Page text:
College tuition and costs have gone so high that many question whether college is a worthy investment. For many people who go to college, the amount of money that they end up having to pay after graduation because of college debt can be overwhelming.
It seems as though college is quickly becoming something that only the wealthy can afford without piling on mountains of debt that then consumes their income after college. Another option is getting scholarships but not everyone has the talent in sports or the academic achievement levels that typically earn scholarships.
What if college could be free as long as you were willing to go to a particular college and study within a particular field?
These tuition-free or tuition-reduced schools are easy on the wallet and high on value.
Location: Point Lookout, Missouri
Tuition price: Free, not including room and board
Value: $17,900 per year
How they do it: College of the Ozarks puts students to work. To reduce the cost of hiring outside labor, the College of the Ozarks requires all students to work 15 hours per week on campus and two 40-hour work weeks during the school year in positions ranging from landscaping to administrative jobs. Any grant or scholarship money students receive through other sources is also applied to tuition costs, and all remaining tuition is covered by the school’s more than $350 million endowment. Students may cover the cost of room and board out of pocket or work it off through the Summer Work Program.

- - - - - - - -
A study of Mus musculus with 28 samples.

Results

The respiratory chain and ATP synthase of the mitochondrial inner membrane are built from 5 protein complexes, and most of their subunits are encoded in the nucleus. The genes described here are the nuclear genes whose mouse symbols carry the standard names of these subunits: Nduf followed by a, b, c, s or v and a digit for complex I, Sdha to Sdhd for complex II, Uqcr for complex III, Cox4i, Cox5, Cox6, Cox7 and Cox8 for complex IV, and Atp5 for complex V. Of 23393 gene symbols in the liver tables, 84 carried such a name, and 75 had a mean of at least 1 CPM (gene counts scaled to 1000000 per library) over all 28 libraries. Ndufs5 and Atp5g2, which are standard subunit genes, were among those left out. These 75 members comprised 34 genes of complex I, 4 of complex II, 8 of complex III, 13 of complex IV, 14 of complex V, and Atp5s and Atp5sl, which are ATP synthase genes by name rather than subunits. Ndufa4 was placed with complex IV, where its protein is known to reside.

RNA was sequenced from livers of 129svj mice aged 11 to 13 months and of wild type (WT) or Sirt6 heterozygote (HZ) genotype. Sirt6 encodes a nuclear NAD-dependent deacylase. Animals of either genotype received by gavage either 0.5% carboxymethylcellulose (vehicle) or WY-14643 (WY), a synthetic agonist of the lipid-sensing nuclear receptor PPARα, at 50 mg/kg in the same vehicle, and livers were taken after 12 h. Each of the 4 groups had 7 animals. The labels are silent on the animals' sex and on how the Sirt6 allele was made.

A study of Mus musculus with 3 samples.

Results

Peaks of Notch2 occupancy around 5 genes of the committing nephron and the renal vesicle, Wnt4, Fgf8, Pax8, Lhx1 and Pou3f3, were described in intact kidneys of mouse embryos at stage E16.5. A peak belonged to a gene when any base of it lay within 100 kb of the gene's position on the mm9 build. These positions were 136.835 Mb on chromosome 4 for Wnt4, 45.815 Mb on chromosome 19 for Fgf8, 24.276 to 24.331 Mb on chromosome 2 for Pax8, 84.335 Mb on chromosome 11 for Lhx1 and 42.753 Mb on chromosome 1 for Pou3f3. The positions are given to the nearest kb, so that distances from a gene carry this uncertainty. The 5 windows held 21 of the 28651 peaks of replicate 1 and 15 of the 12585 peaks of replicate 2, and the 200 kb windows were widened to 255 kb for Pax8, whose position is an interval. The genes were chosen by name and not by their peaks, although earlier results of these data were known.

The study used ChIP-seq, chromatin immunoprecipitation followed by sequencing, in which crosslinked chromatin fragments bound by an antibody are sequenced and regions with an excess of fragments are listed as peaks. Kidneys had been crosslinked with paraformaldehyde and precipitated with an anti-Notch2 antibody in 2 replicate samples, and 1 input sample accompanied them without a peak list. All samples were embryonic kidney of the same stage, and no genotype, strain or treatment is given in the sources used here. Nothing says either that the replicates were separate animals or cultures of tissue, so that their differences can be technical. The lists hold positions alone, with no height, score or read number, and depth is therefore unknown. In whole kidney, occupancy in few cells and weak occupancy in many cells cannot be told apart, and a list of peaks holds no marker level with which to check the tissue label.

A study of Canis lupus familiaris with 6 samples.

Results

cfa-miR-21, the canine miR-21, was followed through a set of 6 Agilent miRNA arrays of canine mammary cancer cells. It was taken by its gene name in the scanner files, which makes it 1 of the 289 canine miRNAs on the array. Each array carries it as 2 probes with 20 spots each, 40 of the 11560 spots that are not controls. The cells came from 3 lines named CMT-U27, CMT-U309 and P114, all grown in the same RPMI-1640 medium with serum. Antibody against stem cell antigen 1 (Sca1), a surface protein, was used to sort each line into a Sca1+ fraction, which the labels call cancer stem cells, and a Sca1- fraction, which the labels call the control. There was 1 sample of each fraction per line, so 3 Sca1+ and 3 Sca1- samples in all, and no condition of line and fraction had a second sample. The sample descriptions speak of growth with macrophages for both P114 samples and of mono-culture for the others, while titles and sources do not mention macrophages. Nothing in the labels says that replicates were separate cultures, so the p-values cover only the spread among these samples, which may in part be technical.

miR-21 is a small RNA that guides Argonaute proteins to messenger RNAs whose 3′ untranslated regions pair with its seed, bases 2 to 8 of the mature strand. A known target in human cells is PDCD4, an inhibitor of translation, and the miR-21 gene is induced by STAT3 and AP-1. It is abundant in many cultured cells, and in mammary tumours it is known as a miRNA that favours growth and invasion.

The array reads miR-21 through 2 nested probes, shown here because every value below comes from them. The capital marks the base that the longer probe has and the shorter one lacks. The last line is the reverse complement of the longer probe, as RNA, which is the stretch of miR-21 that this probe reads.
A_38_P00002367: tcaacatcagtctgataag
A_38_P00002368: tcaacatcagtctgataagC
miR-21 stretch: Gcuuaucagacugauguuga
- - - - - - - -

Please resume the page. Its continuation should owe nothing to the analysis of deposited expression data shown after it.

Others like it: The other four-year work colleges in the U.S. — Alice Lloyd College, Berea College, Blackburn College, Sterling College, Ecclesia College, and Warren Wilson College — have similar business models, though Alice Lloyd College and Berea College are the only others that offer totally free tuition. Deep Springs College in Inyo County, California, also offers free tuition as the country’s only two-year work college.